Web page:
By Laurel Kazanjian

 

Can you remember the last LIVE event you were onsite at before COVID-19? 😅

 

For me, it was a rainy Saturday back in Feb — kidding!   I was on-site just a few weeks ago!  If you’ve been following our social posts, you probably have seen our Back to College event happening all over the U.S. I had the opportunity to be onsite for our Bozeman, Montana activation celebrating the return to campus for Montana State University students.

 

Although I have adjusted to working remotely and have been loving the opportunity to work anywhere, within reason of course because you know- COVID-19. When I had the chance to work at an event, I jumped at it!  Working in experiential marketing, especially on the staffing side of things, I think it should be a requirement to work an event, be in the field, spend some time in the shoes that our staff wears. In fact, one of my favorite parts of the job is being onsite however, I wasn’t really sure what to expect considering we’re in the middle of a pandemic.  I’ve listened to event partners, read articles, put together specific safety protocols but I wasn’t really sure what an event onsite would look like. Thankfully, this event looked pretty similar to a lot of the events we know and love!!

 

No, this wasn’t the Super Bowl or a live concert, but we were able to surprise and delight Target’s guests with the major focus on students heading back to college! Yes, we did have some new onsite safety protocols added and our check-in photos from staff now look a tad different.  But consumers are still just as excited to receive complimentary goodies and see something different happening in the store!

 

 

I was working as the team lead for the weekend and had my first day onsite as a 4-hour admin day. I was responsible for checking the inventory of the event materials, breaking down boxes, prepping set up for the weekend, and meeting the onsite team. The only few differences that I found was that I held back from a handshake when meeting the instore team, I wore a mask while working, along with all other employees, and our inventory included a COVID-19 safety kit that included alcohol wipes, hand sanitizer, gloves and branded masks for my team.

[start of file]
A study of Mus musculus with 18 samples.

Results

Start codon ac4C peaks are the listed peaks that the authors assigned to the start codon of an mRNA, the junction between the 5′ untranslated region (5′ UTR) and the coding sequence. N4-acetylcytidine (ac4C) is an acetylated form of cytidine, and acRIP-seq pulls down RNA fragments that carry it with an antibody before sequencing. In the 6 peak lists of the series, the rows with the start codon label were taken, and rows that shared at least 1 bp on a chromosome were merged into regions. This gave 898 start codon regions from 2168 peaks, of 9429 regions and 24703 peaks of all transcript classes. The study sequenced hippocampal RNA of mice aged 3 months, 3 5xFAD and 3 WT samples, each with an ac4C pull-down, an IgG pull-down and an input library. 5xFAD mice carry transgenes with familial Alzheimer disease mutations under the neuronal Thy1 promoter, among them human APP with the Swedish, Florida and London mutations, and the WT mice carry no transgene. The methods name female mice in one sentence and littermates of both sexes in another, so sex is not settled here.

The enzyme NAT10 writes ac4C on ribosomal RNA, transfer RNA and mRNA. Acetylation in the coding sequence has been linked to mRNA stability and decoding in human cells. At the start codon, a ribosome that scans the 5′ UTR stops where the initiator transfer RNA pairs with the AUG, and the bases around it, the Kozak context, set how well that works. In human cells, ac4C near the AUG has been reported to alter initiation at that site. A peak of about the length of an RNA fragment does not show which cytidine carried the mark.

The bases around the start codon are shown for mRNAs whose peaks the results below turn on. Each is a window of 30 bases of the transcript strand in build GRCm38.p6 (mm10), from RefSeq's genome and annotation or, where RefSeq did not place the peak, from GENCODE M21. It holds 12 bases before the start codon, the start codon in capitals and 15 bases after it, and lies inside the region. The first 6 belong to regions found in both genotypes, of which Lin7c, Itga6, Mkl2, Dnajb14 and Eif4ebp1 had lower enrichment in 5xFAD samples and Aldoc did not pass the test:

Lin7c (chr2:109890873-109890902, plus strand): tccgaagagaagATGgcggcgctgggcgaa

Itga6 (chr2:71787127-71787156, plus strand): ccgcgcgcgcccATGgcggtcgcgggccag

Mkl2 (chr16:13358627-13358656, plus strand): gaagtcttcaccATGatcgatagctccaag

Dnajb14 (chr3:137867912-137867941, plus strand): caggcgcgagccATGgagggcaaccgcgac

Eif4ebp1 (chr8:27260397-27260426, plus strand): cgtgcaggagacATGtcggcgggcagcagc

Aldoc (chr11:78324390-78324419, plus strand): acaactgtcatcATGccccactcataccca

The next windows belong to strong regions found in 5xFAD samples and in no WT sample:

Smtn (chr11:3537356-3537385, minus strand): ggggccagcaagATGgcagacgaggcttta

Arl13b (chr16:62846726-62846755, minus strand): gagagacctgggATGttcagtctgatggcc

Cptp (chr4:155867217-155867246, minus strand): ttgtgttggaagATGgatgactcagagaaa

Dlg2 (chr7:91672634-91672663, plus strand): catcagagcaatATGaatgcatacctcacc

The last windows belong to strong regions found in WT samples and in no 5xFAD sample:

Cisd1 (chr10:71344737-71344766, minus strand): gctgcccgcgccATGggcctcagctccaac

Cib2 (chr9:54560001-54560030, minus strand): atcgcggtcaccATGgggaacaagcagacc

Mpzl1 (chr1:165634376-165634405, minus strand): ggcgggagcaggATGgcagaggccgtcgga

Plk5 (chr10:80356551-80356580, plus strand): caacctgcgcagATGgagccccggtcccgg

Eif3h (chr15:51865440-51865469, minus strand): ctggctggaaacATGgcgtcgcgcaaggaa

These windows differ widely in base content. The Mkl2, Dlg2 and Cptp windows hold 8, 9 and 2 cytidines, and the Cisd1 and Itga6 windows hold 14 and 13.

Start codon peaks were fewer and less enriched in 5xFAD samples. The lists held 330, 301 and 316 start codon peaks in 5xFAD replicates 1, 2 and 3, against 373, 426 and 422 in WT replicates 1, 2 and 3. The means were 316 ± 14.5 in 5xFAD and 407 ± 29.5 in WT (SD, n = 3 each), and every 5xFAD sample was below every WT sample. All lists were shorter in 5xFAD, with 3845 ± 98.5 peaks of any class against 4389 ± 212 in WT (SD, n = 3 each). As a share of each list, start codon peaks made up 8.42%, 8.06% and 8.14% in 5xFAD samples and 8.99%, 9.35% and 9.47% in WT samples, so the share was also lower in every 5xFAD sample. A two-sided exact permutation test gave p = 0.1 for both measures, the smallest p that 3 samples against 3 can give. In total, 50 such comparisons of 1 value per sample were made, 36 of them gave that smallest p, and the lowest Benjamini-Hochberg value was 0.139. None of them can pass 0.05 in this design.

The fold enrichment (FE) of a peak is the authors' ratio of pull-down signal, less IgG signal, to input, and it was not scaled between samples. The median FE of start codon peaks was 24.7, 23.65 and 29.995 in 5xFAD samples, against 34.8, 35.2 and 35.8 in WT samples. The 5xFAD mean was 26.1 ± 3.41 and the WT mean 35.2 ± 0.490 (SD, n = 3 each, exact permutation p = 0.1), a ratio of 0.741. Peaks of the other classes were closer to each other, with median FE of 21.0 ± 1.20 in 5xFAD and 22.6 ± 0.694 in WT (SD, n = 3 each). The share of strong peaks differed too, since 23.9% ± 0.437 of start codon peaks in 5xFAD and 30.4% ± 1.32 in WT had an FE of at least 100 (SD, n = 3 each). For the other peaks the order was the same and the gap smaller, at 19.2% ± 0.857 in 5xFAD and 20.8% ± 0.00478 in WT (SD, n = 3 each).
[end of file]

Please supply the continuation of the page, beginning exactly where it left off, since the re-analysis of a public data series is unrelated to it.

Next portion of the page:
Our event was a two-day activation over the weekend, and it was similar to any other event with an added step- I checked my temperature before leaving for work but the rest remains the same. I arrived on-site in uniform, checked in with my client, set up for the day, and greeted my Brand Ambassador who would be working with me at a 6-foot distance. It would be easy to say the rest of the day was over before you know it but, there were some challenges.

 

On Saturday, we had some learnings. Masks are a new adjustment to our industry and similar to any other uniform piece, not all masks are one size fits all.  We as humans have different face structures.  Masks are bound to fit each staff member differently, but we learn to adjust- if we couldn’t, we wouldn’t be working in events. On Sunday, similar to Saturday, a temperature check was sent, I arrived on site, prepped our space, and off we went. The activation was going pretty smoothly until we had a guest approach our table without a mask on. However, it was for good reason. They were interested in what we were doing but they were hard of hearing and couldn’t fully hear why we were there or what we were sampling. They also didn’t understand much American Sign Language, so we were stumped for a minute or so, but I quickly learned they relied on reading lips. My Target Drive Up team member removed her mask, all while remaining distant from others, and spoke to our guest. After a brief interaction, they were also able to receive a complimentary tote and continued on with their day. The learning here is to for our brand ambassador staff to stick within the safety protocols we’ve set and let the retailer (or venue staff) decide how to resolve a situation, may it arise.

 

At the end of the weekend, the activation was a great success! From my point of view, events can happen. And they can happen safely. They’re going to look different but it’s not a bad thing. Getting back to the roots of experiential marketing with the simplicity of surprising and delighting consumers will never be a bad thing.  I got my feet wet again working an event, all 750 samples were handed out and students and guests were surprised and excited.  I count that as a win!

 

We know the events world looks different, but it doesn’t mean events aren’t happening. If you’re struggling with how to get started or the best approach with staffing, reach out to us! We’re happy to help!